Back/Sides: Blackheart Sassafras
Top: Sitka Spruce
Models: 712-e 12-Fret FLTD, 714-ce FLTD, 718-e FLTD
The star of this series is rare and wildly beautiful blackheart sassafras selectively sourced from Tasmania. The wood’s “blackheart” name comes from its exotic variegation, specifically the appearance of dark striping caused by fungus that forms in the heartwood of the tree. The fungus typically forms from water that drips down within the tree as a result of branches that break off during storms. Even the sets cut from the same section of a log will differ in appearance, so no two sets from this select batch are visually alike. While sassafras is normally blond in color, the blackheart sets also showcase a kaleidoscopic mix of pink, red and purple hues, accented with bold lines.
A dense, slow-growing hardwood, sassafras’s tonal properties give it a truly unique sonic personality compared to other tonewoods. Players can expect a tone that blends warmth with a clear top end, producing strong focus and projection. Taylor’s Andy Powers describes it this way: “It’s got some of the dry, woody response of walnut or mahogany, with some of the note separation and focus of maple or myrtle, with a more articulated high-end overtone series like rosewood. In other words, it has a certain chime and breathiness up top, while also being really focused, and the low end has a warm dryness to it.”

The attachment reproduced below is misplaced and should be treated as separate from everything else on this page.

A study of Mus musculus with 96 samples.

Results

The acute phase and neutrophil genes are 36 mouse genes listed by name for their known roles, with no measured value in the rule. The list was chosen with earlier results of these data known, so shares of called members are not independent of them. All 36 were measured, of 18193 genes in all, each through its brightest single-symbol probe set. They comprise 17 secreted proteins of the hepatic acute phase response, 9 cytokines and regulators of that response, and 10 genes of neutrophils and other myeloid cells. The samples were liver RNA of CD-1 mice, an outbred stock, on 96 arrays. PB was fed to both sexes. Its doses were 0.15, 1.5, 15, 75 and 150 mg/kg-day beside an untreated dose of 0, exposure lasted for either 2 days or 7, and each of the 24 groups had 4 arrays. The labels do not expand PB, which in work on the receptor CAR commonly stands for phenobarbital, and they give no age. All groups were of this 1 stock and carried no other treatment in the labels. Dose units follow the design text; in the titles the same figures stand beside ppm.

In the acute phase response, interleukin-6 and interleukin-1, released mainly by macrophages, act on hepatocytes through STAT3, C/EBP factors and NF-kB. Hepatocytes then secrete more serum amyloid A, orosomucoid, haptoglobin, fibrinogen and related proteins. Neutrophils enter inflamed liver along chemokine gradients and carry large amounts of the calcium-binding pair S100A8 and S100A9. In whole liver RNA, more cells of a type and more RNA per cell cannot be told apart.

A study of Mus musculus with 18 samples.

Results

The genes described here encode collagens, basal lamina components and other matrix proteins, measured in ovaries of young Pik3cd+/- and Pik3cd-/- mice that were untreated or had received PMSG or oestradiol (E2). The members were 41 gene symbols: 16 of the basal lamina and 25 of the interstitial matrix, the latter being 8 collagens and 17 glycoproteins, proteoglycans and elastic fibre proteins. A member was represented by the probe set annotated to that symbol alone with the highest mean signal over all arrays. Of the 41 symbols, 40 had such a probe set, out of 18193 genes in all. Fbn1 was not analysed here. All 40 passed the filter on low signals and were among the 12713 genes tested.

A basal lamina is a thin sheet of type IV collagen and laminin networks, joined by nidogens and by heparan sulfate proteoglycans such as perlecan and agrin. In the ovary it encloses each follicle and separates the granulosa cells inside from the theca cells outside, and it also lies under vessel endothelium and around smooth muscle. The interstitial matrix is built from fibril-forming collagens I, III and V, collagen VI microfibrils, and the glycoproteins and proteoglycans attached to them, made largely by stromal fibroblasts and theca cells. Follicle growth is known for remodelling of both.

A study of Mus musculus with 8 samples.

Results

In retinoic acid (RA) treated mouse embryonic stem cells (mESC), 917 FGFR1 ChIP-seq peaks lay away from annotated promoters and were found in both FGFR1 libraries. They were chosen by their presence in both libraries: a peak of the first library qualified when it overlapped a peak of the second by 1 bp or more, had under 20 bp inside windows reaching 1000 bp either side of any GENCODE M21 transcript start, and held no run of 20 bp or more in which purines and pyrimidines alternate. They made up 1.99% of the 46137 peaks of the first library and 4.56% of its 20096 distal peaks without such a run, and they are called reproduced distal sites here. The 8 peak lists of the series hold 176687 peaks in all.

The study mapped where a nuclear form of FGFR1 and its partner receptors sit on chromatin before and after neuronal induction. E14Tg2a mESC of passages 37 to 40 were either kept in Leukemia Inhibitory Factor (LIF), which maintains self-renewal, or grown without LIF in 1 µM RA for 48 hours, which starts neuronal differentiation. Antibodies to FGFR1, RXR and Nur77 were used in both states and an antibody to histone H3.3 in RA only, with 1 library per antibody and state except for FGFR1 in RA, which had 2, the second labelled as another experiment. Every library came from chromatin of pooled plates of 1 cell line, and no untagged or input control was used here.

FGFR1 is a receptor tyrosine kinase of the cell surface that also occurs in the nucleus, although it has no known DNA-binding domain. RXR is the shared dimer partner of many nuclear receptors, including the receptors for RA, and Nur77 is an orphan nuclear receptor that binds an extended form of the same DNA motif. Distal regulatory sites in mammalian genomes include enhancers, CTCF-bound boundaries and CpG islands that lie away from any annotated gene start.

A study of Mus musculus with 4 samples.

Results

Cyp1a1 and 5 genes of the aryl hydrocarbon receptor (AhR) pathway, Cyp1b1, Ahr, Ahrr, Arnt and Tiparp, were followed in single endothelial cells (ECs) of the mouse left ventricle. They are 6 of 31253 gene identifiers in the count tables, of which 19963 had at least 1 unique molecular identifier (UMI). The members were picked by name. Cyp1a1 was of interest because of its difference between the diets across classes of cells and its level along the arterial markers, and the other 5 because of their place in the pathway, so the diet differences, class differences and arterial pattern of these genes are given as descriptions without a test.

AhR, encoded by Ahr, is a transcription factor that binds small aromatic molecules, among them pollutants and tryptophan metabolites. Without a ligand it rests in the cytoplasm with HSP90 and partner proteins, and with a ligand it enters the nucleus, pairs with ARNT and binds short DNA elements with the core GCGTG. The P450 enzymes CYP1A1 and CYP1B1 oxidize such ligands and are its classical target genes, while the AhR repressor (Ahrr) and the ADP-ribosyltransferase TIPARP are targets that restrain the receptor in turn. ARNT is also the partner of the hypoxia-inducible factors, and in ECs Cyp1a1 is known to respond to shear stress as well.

The sassafras was paired with a Sitka spruce top and is offered in three models, a non-cutaway Grand Concert 12-Fret (712e 12-Fret-FLTD), a cutaway Grand Auditorium (714ce-FLTD), and a non-cutaway Grand Orchestra (718e-FLTD). The guitars feature some of the tone-enhancing refinements first introduced on Taylor’s 800 Series, including Advanced Performance bracing and protein glues, which give each model a rich, dynamic character. Between the unique tone profile of sassafras and Taylor’s other design features, each of these guitars may take on a chameleon-like tonal quality that will be highly reflective of each person’s individual style. “Depending on the player, a person might bring out more of a mahogany sound, or rosewood, maple, walnut or something else,” Andy explains. I think this will be really appealing to players.”